Through their Lean Startup work, Steve Blank and Eric Ries have popularized the idea of focusing on delivering a Minimum Viable Product (MVP) which will meet a customer’s core needs while minimize investment and providing opportunities for learning, refinement and the ability to fail fast. Organizations have latched on to MVP principles and reworked development approaches as a means to avoid gold-plating and to achieve time to market and early ROI benefits.
But minimum is very context-specific.
If we are developing a product to address a newly expressed or generated customer need, expectations will be low.
For example, when the first personal quadcopter kits became available, expectations centred around attributes such as stability of flight, range or battery life. But now that these devices are commonplace, the expected set of features for a new entrant into the market are much richer. The barrier to entry for a new competitor is much higher.
Even if you are an entrant into an emerging market, if there is a well established product or service which you are attempting to disrupt, you will need to meet that product or service’s base requirements to effectively compete. You might attract some early adopters who are willing to sacrifice features which don’t specifically address their core needs but it will be very difficult to cross the chasm to mainstream adoption. Electric cars are a good example of this. While the market is still new, attempting to release an electric vehicle without power doors and windows is unlikely to satisfy most potential buyers.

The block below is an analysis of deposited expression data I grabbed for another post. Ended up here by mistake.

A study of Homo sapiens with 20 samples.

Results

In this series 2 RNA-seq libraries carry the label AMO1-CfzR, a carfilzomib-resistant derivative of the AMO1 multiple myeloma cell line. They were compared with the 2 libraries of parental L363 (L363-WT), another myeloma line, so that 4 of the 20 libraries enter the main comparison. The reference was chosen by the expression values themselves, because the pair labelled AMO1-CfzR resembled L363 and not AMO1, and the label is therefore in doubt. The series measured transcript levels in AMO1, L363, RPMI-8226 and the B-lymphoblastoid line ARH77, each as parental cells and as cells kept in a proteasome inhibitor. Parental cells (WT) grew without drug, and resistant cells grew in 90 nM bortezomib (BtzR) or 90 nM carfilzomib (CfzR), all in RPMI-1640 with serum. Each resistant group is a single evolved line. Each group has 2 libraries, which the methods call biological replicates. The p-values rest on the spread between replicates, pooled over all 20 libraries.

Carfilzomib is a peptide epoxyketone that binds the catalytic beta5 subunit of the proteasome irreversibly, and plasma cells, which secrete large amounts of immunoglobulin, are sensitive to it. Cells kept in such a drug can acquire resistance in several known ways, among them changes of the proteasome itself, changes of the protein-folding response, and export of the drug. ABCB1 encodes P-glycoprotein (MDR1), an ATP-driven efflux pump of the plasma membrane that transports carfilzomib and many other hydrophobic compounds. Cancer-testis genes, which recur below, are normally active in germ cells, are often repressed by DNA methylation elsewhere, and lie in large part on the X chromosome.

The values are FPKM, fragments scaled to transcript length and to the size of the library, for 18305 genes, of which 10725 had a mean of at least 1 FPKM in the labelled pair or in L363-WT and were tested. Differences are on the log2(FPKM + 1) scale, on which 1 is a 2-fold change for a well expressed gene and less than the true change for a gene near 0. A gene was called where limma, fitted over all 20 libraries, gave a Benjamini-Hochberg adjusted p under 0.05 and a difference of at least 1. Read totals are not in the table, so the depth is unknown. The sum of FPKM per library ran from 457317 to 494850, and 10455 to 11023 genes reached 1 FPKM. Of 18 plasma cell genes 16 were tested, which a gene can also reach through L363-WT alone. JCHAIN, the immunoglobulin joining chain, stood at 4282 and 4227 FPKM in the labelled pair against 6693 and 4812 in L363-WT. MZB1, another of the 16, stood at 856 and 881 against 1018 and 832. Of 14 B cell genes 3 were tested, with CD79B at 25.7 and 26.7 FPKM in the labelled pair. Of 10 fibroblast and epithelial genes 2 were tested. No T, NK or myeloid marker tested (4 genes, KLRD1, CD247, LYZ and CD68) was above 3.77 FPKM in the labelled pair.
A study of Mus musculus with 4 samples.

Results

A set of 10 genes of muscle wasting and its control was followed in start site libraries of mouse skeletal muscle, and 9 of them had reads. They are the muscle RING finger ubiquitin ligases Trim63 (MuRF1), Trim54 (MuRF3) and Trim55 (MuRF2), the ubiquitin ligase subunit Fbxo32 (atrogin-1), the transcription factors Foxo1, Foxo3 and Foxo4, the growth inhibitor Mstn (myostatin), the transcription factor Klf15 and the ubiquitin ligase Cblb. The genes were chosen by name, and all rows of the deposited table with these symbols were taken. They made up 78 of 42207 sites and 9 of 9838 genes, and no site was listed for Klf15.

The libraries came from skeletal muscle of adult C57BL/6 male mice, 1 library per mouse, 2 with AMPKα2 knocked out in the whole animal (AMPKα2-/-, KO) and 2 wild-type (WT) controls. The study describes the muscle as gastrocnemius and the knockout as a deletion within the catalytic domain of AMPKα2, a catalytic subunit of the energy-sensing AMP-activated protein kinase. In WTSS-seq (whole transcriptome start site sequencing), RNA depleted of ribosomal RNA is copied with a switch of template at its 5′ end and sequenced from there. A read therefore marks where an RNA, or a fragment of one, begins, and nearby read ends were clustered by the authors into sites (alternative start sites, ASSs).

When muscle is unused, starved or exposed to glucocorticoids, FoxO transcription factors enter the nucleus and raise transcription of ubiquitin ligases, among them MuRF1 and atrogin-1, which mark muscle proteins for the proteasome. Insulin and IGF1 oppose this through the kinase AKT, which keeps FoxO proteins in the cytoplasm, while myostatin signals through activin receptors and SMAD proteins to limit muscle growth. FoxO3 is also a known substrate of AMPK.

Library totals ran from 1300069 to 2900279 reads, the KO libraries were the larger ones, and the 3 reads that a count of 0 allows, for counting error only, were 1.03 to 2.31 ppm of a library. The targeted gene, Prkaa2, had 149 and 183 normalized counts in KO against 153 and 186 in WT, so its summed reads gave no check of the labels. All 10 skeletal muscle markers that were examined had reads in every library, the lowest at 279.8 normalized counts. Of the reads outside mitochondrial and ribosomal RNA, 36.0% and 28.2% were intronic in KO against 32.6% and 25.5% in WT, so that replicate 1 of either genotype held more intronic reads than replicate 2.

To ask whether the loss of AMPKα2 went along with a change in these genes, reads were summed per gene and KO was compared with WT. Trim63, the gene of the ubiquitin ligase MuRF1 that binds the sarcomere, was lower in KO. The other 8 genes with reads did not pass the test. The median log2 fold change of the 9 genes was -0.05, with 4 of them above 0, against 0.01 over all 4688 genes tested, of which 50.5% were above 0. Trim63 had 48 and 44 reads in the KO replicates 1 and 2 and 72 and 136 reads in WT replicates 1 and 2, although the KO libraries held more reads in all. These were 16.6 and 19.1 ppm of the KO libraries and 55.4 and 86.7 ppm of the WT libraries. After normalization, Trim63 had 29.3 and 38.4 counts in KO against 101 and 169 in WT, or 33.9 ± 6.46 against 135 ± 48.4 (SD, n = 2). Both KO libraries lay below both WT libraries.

And the same applies to projects.
If our project goal is to deliver a new business capability, it might be possible to develop and release a minimum feature set and then incrementally evolve the capability. For example, when developing a new business process, we could deliver the happy path first and then implement exception cases in subsequent releases. But when the goal of our project is to replace an existing capability, the size of the first release might represent the lion share of the project’s cost or schedule.
Minimizing investment and failing fast and cheap are no longer feasible.
But this shouldn’t prevent us from applying MVP principles when planning such projects. We should still defer those features which don’t directly address our stakeholders’ needs for the first release.
Let’s just be realistic that minimum isn’t the same as small.